Kids are getting hurt each and every day all across this globe.  It sickens me that over the past few years, the people who were expected to be the role models – the church leaders, coaches, and youth workers – have fallen into that same category as perpetrator.  It’s time for godly leaders to step up.

We’ve all seen the stories now of former assistant football coach, Jerry Sandusky at Penn State, and how he has been accused of all sorts of heinous acts against little kids.

It’s disgusting.  Absolutely disgusting.

Last week, a friend of mine wrote this blog post.  In it he described how incidents like the alleged ones at Penn State affect all organizations.  He referred to it as a “black cloud” that hangs over every organization that works with youth.  He said:

This black cloud is the mistrust of parents of all organizations that serve kids because of the tragic and broken trust by one unrelated person or organization.

He’s right on.  In our culture, words like priest, pastor, youth worker and coach are conjuring up feelings of doubt and mistrust.  And with each of these passing stories, I can understand why.

It is time for leaders to be men and women who are known and proven to be men and women of character.

If you are a follower of Jesus, it is essential that our lives and leadership be glorifying to God, and that our actions would reflect our inner convictions.

Here are some takeaway lessons for us as leaders:

1. Embrace the “Rule of Three.” – Don’t ever be alone with someone outside your family and close friends.  If you have a meeting lined up with someone alone, make sure it is an open setting.

This includes but is not limited to: having lunch dates with someone of the opposite sex, bringing home a student in your car after a youth meeting, bringing home the baby-sitter, offering individual counsel in a closed setting, being alone with someone at your house – or theirs.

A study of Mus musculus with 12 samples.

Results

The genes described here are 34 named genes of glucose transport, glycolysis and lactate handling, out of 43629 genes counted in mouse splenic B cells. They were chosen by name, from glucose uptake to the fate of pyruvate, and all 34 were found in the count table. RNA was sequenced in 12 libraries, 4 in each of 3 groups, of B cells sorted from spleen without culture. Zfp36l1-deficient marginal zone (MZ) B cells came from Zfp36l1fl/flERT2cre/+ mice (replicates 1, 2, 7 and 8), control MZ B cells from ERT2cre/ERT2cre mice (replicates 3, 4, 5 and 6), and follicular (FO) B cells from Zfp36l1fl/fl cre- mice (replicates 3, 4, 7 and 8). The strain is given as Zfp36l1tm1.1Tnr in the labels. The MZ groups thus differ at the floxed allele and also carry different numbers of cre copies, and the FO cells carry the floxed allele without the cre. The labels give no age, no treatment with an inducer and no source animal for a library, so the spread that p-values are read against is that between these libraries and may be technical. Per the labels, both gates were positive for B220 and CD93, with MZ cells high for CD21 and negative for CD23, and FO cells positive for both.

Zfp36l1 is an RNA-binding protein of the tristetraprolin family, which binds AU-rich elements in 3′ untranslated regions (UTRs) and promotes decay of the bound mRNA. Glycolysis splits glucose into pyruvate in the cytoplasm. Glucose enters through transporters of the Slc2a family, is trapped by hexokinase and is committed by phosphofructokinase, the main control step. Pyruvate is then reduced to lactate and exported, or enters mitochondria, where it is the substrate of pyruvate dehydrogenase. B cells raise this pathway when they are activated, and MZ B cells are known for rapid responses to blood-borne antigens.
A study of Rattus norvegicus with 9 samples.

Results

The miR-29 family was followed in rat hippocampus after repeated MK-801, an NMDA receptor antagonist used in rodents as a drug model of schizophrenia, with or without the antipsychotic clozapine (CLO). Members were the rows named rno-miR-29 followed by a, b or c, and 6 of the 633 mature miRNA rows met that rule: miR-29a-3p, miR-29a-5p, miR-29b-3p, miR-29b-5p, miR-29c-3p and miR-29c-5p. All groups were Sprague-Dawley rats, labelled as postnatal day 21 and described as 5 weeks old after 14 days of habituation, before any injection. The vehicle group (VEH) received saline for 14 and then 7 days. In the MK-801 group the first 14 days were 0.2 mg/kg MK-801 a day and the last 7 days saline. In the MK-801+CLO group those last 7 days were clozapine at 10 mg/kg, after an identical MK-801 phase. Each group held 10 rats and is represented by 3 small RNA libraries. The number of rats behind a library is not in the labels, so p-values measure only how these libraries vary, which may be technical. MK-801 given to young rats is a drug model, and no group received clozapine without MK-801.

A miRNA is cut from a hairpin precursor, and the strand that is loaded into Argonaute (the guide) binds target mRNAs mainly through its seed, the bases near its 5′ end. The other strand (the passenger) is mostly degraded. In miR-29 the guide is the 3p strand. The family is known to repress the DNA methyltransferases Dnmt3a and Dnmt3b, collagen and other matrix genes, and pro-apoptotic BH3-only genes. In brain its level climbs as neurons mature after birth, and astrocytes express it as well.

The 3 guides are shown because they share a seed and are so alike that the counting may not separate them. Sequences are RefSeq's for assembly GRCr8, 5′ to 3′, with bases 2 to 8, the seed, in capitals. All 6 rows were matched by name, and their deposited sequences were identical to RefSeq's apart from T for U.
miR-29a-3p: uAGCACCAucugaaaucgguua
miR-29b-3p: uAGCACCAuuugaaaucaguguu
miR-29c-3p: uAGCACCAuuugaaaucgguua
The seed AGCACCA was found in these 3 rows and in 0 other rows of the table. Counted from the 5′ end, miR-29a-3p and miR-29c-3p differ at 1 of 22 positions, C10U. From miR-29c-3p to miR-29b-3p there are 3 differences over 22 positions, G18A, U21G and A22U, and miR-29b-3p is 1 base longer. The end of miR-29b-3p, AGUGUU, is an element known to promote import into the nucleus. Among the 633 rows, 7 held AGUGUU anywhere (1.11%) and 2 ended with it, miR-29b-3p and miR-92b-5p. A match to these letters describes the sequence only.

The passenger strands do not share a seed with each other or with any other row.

If you want people to trust you, this begins with showing you are trustworthy.

2. Be above reproach. – Leaders can’t “toe the line” of what is appropriate.  There is too much at stake.

I remember 20 years ago when I worked at a church, a father of a boy in the youth group told me I looked like Satan since I had a goatee at the time.  I was surprised to hear that Satan had a goatee.

But that wasn’t the point.  The point was that I was responsible for the spiritual input into his son, so the father cared about my appearance.  Lesson learned.  I couldn’t even have the appearance of evil.

Leaders must live in such a way where their actions can’t be questioned.

3. Be relentless to protect those entrusted to you. – It’s not enough to do the least of what might be expected.  Peoples’ lives hang in balance.  Shepherds must be tireless in their effort to protect their sheep.

Years ago, I fielded many questions from parents about what all Pine Cove did to provide safe environments at summer camp.  After quite a few phone calls, I decided to record this video entitled, “Preventing Sexual Abuse.”  In it, I explained all the precautions we had in place.

We were just told by an independent training company, Praesidium, that our organization was the safest they’ve seen.  As I told them, though, we’re not done.  We will be relentless, continuing to learn how we can improve.

The devil would love nothing more than to see more children get hurt, and more leaders fall.  It’s time for leaders to realize the magnitude of their responsibility, and act accordingly.

What is another lesson to be learned here?